Jim Yong Kim has announced that he is resigning as president of the World Bank, three years ahead of schedule. The announcement surprised many: Kim was re-elected to a second term two years ago to avoid the unseemly fight that is likely to accompany selection of his successor. Kim’s departure raises fundamental questions about how the World Bank president is chosen, and whether practices that have guided that process need to be reassessed. It is time to make the appointment process more democratic and meritocratic.

The World Bank was set up in the aftermath of World War II and was intended to be one of the pillars of the postwar economic order. Today, it is the world’s second-largest development bank. Its members include virtually all governments, and it provides low-cost loans for development projects around the globe. In 2018, it made $66 billion in commitments to developing country governments and private sector investment projects.

When Kim was chosen by U.S. President Barack Obama to become the organization’s 12th president, he was president of Dartmouth University and had a background in global health issues, previously serving as chair of the global health and social medicine department at Harvard Medical School and executive director of Partners in Health, a nonprofit organization that took modern medical science to the world’s least developed countries. It was a relatively thin resume for the leader of the world’s leading development lender, especially when compared to those of rival candidates, Ngozi Okonjo-Iweala, who twice served as Nigeria’s finance minister, and Jose Antonio Ocampo, a former minister of public finance and credit and minister of agriculture in Colombia, as well as United Nations undersecretary general for economic and social affairs.

That discrepancy did not matter, however — and that is the problem. Since the World Bank was founded, the U.S. president has picked its leader. That power is not spelled out in the institution’s rules or by laws. According to the bank’s Articles of Agreement, the president is selected by its 25 executive directors. In reality, the board defers to the judgment of the United States. This has been facilitated by a corollary agreement: The head of the International Monetary Fund has been picked by European governments. The current IMF managing director is Christine Lagarde, the former French politician and finance minister. She took the post when her predecessor, former French politician Dominque Strauss-Kahn, was forced to resign following a scandal.

While Kim faced several crises during his tenure, there is no indication that scandal forced him out. He said he was resigning to join a private sector institution that will focus on infrastructure development and to rejoin Partners in Health. He will be succeeded on an interim basis by World Bank CEO Kristalina Georgieva, and the executive board said that it would begin searching immediately for a permanent successor.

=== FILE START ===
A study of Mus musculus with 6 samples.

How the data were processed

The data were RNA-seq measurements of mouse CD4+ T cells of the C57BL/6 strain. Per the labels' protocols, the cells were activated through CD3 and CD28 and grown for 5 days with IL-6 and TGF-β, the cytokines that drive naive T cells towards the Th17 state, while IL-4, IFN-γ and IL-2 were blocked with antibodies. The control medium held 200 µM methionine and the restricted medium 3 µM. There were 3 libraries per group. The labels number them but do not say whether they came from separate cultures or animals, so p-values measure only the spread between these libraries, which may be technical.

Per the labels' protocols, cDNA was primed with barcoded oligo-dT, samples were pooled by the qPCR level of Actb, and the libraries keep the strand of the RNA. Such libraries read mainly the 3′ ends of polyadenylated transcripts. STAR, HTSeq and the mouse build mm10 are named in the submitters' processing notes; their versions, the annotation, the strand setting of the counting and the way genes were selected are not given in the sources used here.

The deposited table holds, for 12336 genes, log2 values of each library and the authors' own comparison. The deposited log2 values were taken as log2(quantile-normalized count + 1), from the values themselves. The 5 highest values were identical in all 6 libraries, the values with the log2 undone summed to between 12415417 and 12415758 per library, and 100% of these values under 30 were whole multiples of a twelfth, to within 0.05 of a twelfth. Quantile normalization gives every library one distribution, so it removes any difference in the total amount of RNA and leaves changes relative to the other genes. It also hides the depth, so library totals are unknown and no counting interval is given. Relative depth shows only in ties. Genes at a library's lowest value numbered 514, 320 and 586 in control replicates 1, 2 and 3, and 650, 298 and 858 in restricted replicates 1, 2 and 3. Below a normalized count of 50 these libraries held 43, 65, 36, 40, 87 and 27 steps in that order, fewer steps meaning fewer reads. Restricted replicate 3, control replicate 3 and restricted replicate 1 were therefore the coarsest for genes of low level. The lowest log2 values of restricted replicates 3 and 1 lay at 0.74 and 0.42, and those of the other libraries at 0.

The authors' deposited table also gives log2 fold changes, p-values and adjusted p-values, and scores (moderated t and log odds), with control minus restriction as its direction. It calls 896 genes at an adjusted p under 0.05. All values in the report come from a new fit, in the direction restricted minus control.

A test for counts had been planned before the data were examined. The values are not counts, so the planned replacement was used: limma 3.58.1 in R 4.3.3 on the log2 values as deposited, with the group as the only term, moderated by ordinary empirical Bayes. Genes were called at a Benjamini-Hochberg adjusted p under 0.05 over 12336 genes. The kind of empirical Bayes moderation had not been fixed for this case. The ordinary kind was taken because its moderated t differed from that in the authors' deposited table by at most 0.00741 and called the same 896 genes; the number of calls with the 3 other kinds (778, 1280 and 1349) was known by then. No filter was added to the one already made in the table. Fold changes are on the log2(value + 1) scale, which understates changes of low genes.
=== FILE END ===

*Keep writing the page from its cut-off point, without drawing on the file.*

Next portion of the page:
There is little indication that the U.S. administration of President Donald Trump, despite its contempt for international institutions in general, is ready to abandon the U.S. prerogative of picking the World Bank’s leader. The U.S. has complained about World Bank policies, in particular its readiness to lend to China, a seeming anomaly when China is bankrolling several facilities to promote development throughout the world. According to one analysis, the World Bank loaned China an average of $2 billion a year, or more than $7.8 billion since it surpassed the bank’s income threshold for lending in 2016.

Nevertheless, the time has come to ensure that the best person heads the World Bank. The U.S. no longer dominates the global economy and it can no longer claim to be protecting the global interest when its top officials insist that they are putting their national interest first. The Trump administration’s record of appointees to international institutions is mixed: Its candidate to head the U.N. Migration Agency was rejected last year for making anti-Islam comments — a difficult position to defend given the organization’s mandate and the people it protects. The U.S.-European bargain to support each other’s nominee to head the World Bank and IMF is strained like the rest of the trans-Atlantic relationship.

A successful challenge to the U.S. choice will require that the rest of the world coalesce around a single candidate, a consensus that has been elusive. Other governments, such as Japan, must decide whether it is worth courting Washington’s ire in defense of the principles of democracy and meritocracy. Given the creation of new development banks, such as the Asian Infrastructure Investment Bank, which could undercut facilities like the World Bank, it is vitally important that critical institutions be headed by the very best individuals. Kim’s resignation provides an opportunity to set new standards for professionalism and leadership.